1914 - 1916:
A man interviews Enos Mills at Rocky Mountain National Park
The argument for Rocky Mountain National Park:

Much of the effort to create Rocky Mountain National Park came from a Colorado man named Enos Mills. When Mills was twenty years old, he met John Muir in California and was deeply influenced by him. Mills went on to become much like Muir—walking in the Colorado wilderness on his own and then advocating for preservationism by publishing articles, giving lectures, and writing letters to congressmen and other important figures.

Photo: A man interviews Enos Mills at Rocky Mountain National Park

 
Sandbeach Lake Trail, Rocky Mountain National Park
Enough protection?

The Forest Service objected when the proposal for Rocky Mountain National Park was put forward, as the lands in question were currently national forests under their jurisdiction. Mills was adamant that the protection of the Forest Service did not go far enough: "It deals almost entirely with the business world and is as plainly and severely a business proposition as is the growing of wheat and potatoes or the raising of hogs." Other opposition came from locals who didn't want any more restrictions on what they could do with the land.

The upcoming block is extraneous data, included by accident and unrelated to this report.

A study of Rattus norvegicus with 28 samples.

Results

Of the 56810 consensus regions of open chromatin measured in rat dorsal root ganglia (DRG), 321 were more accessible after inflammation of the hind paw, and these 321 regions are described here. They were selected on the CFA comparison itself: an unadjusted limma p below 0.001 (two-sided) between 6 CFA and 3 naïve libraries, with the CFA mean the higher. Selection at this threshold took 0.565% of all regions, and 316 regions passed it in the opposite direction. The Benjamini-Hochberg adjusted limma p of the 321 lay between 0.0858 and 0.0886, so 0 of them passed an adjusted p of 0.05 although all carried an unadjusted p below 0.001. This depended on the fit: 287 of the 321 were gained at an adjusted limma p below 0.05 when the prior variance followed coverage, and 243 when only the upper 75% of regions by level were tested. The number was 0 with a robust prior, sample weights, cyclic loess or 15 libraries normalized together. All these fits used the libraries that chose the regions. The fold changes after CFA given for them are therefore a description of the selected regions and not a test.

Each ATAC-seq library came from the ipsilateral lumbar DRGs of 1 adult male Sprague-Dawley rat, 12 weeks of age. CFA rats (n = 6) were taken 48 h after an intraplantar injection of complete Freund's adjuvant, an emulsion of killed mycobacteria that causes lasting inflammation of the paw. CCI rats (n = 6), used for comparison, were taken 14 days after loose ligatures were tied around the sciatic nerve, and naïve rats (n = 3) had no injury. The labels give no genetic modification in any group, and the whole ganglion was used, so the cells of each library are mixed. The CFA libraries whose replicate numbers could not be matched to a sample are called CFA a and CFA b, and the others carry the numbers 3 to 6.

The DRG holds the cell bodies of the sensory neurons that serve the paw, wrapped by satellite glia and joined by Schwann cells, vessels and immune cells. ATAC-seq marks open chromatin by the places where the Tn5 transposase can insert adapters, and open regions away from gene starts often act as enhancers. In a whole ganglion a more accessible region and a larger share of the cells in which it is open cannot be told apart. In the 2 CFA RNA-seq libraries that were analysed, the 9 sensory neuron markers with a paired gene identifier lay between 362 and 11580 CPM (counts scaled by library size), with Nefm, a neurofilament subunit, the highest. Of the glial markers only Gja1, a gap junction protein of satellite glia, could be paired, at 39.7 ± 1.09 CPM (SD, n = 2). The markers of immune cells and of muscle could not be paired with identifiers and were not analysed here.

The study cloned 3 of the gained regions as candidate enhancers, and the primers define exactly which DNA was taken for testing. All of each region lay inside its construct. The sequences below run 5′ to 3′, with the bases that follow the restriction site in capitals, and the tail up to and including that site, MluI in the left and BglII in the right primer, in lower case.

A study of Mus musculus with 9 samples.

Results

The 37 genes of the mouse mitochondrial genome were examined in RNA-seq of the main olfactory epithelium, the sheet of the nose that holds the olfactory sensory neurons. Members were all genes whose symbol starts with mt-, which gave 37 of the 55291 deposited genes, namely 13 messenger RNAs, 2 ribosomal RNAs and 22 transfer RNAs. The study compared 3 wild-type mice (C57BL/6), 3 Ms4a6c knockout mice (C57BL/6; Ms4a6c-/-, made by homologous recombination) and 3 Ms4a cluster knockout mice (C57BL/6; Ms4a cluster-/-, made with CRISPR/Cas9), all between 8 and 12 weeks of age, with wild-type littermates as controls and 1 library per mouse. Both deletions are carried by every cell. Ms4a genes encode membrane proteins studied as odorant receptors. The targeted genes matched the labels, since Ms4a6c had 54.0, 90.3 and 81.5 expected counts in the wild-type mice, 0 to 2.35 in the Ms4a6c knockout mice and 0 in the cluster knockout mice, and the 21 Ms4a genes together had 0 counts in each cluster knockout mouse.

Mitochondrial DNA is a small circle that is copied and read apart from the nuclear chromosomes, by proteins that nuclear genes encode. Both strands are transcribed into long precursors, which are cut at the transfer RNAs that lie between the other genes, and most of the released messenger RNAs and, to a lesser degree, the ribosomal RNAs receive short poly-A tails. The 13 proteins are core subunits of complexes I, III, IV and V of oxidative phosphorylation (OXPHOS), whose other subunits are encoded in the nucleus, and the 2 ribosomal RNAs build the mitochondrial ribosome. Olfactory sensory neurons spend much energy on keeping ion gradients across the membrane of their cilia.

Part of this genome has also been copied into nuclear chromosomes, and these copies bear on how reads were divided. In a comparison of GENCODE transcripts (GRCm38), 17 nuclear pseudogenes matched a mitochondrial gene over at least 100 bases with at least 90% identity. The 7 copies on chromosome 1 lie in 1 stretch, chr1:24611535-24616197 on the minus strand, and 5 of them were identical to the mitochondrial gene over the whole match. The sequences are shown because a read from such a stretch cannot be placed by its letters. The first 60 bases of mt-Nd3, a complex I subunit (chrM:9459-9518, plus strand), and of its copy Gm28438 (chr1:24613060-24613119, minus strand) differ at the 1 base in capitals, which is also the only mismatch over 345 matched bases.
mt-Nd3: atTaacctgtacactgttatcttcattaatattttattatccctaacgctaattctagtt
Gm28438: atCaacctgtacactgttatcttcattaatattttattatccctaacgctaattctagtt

Photo: Sandbeach Lake Trail, Rocky Mountain National Park

 
Rocky Mountain National Park dedication ceremony, Sept. 1915
A compromise:

When the final bill authorizing the national park was passed, compromises had been made to appease mining, timber, and agricultural interests, reducing the size of the park to one-third of what Mills had proposed. Nevertheless, this park was a great achievement and vindication for Mills. Before John Muir died, he wrote a letter to Mills in 1913 saying, "I glory in your success as a writer and lecturer and in saving God's parks for the welfare of humanity."

The official dedication ceremony for Rocky Mountain National Park was held on September 4, 1915. Stephen Mather and Horace Albright attended this dedication ceremony.

Photo: Rocky Mountain National Park dedication ceremony, Sept. 1915

 
NPS Director Stephen T. Mather on a visit to Indiana Dunes, 1916
Culture and the political climate:

The push for parks was not confined to federal efforts. Many states pursued state parks during the early 1900s as well. In 1916, during the waning days of the Progressive Era, Indiana established two state parks, McCormick's Creek and Turkey Run. In addition to protecting natural and cultural resources, Indiana established these state parks to commemorate its centennial celebration of statehood.

Photo: NPS Director Stephen T. Mather on a visit to Indiana Dunes, 1916


 

Learn More:



Reflection:

Would the nation be able to look beyond the resources such as timber, minerals, and game and preserve the natural values of the land?



Activity:

The National Park Service manages over 84,000,000 acres. The U.S. Forest Service manages 193,000,000 acres. Is this a good balance?